Flashback
A look back at this day in film history
August 27
Pan's Labyrinth October 9, 1964
Guillermo Del Toro born

Guillermo Del Toro, the Oscar-nominated writer-director of Pan’s Labyrinth and the Hellboy movies, today celebrates his 46th birthday. Del Toro is, in some senses, the ultimate fanboy filmmaker, a lifelong lover of movies and comic books who moved from aficionado to auteur, bringing an uncommon artistry, intelligence and sophistication to the horror and fantasy film genres. A native of Guadalajara, Mexico, del Toro was first drawn to horror movies – from the more cheap and cheesy 50s monster flicks and Hammer Horror movies to James Whale, Mario Bava and George A. Romero films – when he still extremely young. However, as he tells it, horror was all around him anyway. In interviews, he’s talked about seeing monsters in his bedroom as a toddler, and then being haunted by the ghost of his uncle – ironically, the man who had first introduced him to horror movies and novels. He began to draw his own monsters, and the fantastical world of horror he created became an escape from the world around him. (His grandmother, however, “went in with a vial of holy water and tried to exorcise me for the shit I was drawing. I started laughing and she got so scared that she threw more at me.") Also, says del Toro, being Mexican means that death is ever-present in his work: “I worked for months next to a morgue that I had to go through to get to work. I've seen people being shot; I've had guns put to my head; I've seen people burnt alive, stabbed, decapitated ... because Mexico is still a very violent place.” Del Toro first got into movies working in makeup and effects (he studied under the legendary Dick Smith), and later co-founded the Guadalajara Film Festival. In 1992, he directed his first feature, the inventive and macabre Cronos, and has not looked back since.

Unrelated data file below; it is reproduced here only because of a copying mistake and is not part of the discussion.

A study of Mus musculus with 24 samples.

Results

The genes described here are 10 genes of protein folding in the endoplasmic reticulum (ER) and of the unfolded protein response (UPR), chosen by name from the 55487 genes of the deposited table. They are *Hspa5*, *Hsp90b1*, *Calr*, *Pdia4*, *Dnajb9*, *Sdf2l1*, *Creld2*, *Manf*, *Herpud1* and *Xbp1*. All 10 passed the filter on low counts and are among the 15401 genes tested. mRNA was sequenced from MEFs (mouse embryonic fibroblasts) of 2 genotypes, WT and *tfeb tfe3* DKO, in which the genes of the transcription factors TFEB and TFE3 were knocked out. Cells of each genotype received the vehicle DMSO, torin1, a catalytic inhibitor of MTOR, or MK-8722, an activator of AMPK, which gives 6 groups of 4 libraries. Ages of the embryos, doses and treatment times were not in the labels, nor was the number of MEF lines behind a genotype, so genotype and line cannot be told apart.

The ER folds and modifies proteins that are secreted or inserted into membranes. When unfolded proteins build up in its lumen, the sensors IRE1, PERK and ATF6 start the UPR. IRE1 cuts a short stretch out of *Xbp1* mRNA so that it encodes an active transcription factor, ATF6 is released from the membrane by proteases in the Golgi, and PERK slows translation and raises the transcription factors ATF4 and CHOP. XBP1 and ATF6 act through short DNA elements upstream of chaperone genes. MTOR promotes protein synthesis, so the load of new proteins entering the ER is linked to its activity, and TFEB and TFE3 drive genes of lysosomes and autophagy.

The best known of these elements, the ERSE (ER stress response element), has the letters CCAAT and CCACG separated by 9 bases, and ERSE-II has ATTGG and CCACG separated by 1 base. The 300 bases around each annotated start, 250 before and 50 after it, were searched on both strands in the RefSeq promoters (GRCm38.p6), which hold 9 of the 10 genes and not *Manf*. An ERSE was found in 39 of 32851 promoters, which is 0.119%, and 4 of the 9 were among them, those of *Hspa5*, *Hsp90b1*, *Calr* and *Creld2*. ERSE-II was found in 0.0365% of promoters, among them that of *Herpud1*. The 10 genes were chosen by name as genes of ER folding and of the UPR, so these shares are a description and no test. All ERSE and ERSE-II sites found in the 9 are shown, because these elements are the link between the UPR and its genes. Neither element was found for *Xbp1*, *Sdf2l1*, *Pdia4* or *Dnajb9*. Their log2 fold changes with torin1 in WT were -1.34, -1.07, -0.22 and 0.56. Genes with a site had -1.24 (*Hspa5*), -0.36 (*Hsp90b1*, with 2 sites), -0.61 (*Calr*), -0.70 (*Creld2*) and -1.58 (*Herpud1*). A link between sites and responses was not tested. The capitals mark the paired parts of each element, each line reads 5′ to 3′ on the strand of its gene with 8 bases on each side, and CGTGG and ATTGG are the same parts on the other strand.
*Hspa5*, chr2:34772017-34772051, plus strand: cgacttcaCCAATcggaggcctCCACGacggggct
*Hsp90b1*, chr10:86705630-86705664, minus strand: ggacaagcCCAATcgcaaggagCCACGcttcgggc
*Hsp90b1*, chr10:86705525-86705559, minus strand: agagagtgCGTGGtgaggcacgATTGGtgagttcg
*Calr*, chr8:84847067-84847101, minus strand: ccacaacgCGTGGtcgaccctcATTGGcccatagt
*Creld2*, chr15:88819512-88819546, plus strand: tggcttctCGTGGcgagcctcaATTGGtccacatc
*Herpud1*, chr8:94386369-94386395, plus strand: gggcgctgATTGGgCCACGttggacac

More Flashbacks
Tuesday Weld August 27, 1943
Tuesday Weld born

A child model to support her widowed mother, an alcoholic by age 12, a pre-teen suicide survivor, and a teenage lover of Elvis Presley, actress Tuesday Weld had a backstory more vivid, more tragic, more fantastic than could have been created by any screenwriter’s pen.

Medium Cool opens

"A kind of cinematic Guernica" is how New York Times critic Vincent Canby described Haskell Wexler's Medium Cool, the veteran cinematographer's highly influential blend of documentary, fiction, and agitprop released August 27, 1969.

More than a Spoonful of Sugar

The woman that the world would turn to for sweetest and light couldn’t get cast in a film, until she put on the smock and pick up the umbrella of Mary Poppins.